Purpose: To describe the causes of and risk factors for persistent severe visual loss occurring in the Early Treatment Diabetic Retinopathy Study (ETDRS).
Methods: The ETDRS was a randomized clinical trial investigating photocoagulation and aspirin in 3,711 persons with mild to severe nonproliferative or early proliferative diabetic retinopathy. Severe visual loss, defined as best-corrected visual acuity of less than 5/200 on at least two consecutive 4-month follow-up visits, developed in 257 eyes (219 persons). Of these 257 eyes, 149 (127 persons) did not recover to 5/200 or better at any visit (persistent severe visual loss). Ocular characteristics of these eyes were compared with those of eyes with severe visual loss that improved to 5/200 or better at any subsequent visit. Characteristics of patients with severe visual loss that did and did not improve and those without severe visual loss were also compared.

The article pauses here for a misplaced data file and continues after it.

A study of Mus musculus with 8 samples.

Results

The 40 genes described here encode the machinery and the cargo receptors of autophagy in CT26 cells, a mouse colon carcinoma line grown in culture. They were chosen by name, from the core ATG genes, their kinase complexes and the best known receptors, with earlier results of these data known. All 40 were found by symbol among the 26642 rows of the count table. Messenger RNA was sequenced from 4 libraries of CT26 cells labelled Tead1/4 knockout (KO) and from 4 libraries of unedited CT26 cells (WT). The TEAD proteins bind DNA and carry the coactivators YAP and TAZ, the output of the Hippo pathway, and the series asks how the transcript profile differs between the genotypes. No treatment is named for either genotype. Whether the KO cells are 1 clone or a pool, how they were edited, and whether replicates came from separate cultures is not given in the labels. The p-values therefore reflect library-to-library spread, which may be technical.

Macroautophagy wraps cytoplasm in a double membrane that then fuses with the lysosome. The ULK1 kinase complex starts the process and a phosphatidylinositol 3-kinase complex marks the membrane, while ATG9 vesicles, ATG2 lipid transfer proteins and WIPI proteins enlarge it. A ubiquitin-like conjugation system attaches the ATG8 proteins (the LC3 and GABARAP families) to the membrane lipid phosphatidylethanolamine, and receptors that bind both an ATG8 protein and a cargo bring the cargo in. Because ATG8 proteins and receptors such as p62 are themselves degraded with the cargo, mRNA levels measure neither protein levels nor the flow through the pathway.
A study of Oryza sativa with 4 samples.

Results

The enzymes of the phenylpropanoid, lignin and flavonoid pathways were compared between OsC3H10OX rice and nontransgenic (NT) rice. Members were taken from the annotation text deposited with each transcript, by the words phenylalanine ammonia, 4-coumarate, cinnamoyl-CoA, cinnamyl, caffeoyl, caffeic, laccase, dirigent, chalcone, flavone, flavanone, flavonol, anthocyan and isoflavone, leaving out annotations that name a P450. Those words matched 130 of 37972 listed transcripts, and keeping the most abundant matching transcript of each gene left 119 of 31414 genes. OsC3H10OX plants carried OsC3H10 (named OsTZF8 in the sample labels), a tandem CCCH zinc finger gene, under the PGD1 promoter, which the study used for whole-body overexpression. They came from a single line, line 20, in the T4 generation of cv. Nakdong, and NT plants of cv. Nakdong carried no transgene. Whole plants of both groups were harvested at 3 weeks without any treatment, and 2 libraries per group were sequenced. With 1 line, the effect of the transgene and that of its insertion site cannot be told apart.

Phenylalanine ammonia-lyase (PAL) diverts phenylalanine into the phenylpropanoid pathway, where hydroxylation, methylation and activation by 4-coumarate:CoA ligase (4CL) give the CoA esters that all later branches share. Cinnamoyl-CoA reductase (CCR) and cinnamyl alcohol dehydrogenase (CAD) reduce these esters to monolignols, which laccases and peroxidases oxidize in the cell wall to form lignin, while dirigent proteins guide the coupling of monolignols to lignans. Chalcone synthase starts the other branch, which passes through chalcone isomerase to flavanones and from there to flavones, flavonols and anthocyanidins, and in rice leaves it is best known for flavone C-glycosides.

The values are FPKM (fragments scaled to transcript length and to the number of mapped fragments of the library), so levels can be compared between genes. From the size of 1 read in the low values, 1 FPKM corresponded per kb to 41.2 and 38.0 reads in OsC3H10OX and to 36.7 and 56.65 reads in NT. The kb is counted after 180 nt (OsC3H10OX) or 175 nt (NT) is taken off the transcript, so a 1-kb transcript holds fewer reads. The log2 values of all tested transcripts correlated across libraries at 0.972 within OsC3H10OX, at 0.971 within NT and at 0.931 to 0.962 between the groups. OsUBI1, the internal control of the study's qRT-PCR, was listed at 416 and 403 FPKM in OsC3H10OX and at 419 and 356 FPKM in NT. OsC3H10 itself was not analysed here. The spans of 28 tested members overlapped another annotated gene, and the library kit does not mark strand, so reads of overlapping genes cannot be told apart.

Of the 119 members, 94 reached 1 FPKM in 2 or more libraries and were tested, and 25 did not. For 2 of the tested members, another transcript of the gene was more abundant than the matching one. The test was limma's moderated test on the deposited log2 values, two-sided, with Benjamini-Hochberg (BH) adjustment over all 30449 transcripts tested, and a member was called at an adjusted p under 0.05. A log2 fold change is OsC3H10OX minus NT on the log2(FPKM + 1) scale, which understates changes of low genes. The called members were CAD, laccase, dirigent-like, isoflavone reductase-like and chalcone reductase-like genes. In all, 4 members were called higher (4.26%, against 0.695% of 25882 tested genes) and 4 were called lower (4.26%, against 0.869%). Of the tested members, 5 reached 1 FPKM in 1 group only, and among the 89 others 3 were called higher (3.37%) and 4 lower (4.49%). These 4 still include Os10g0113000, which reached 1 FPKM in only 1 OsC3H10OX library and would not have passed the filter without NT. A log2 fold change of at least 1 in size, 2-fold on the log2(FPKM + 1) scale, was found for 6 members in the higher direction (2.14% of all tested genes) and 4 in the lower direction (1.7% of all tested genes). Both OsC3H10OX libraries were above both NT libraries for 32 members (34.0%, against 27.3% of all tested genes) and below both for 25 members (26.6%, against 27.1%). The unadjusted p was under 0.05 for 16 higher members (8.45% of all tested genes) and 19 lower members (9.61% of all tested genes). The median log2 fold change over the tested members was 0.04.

Results: Severe visual loss that persisted developed in 149 eyes of 127 persons. In order of decreasing frequency, reasons recorded for persistent visual loss included vitreous or preretinal hemorrhage, macular edema or macular pigmentary changes related to macular edema, macular or retinal detachment, and neovascular glaucoma. Compared with all patients without persistent severe visual loss, patients with persistent severe visual loss had higher mean levels of hemoglobin A1c (10.4% vs 9.7%; P = .001) and higher levels of cholesterol (244.1 vs 228.5 mg/dl; P = .0081) at baseline. Otherwise, patients with persistent severe visual loss were similar to patients with severe visual loss that improved and to those without severe visual loss.
Conclusions: Persistent severe visual loss was an infrequent occurrence in the ETDRS. Its leading cause was vitreous or preretinal hemorrhage, followed by macular edema or macular pigmentary changes related to macular edema and retinal detachment. The low frequency of persistent severe visual loss in the ETDRS is most likely related to the nearly universal intervention with scatter photocoagulation (either before or soon after high-risk proliferative diabetic retinopathy developed) and the intervention with vitreous surgery when clinically indicated.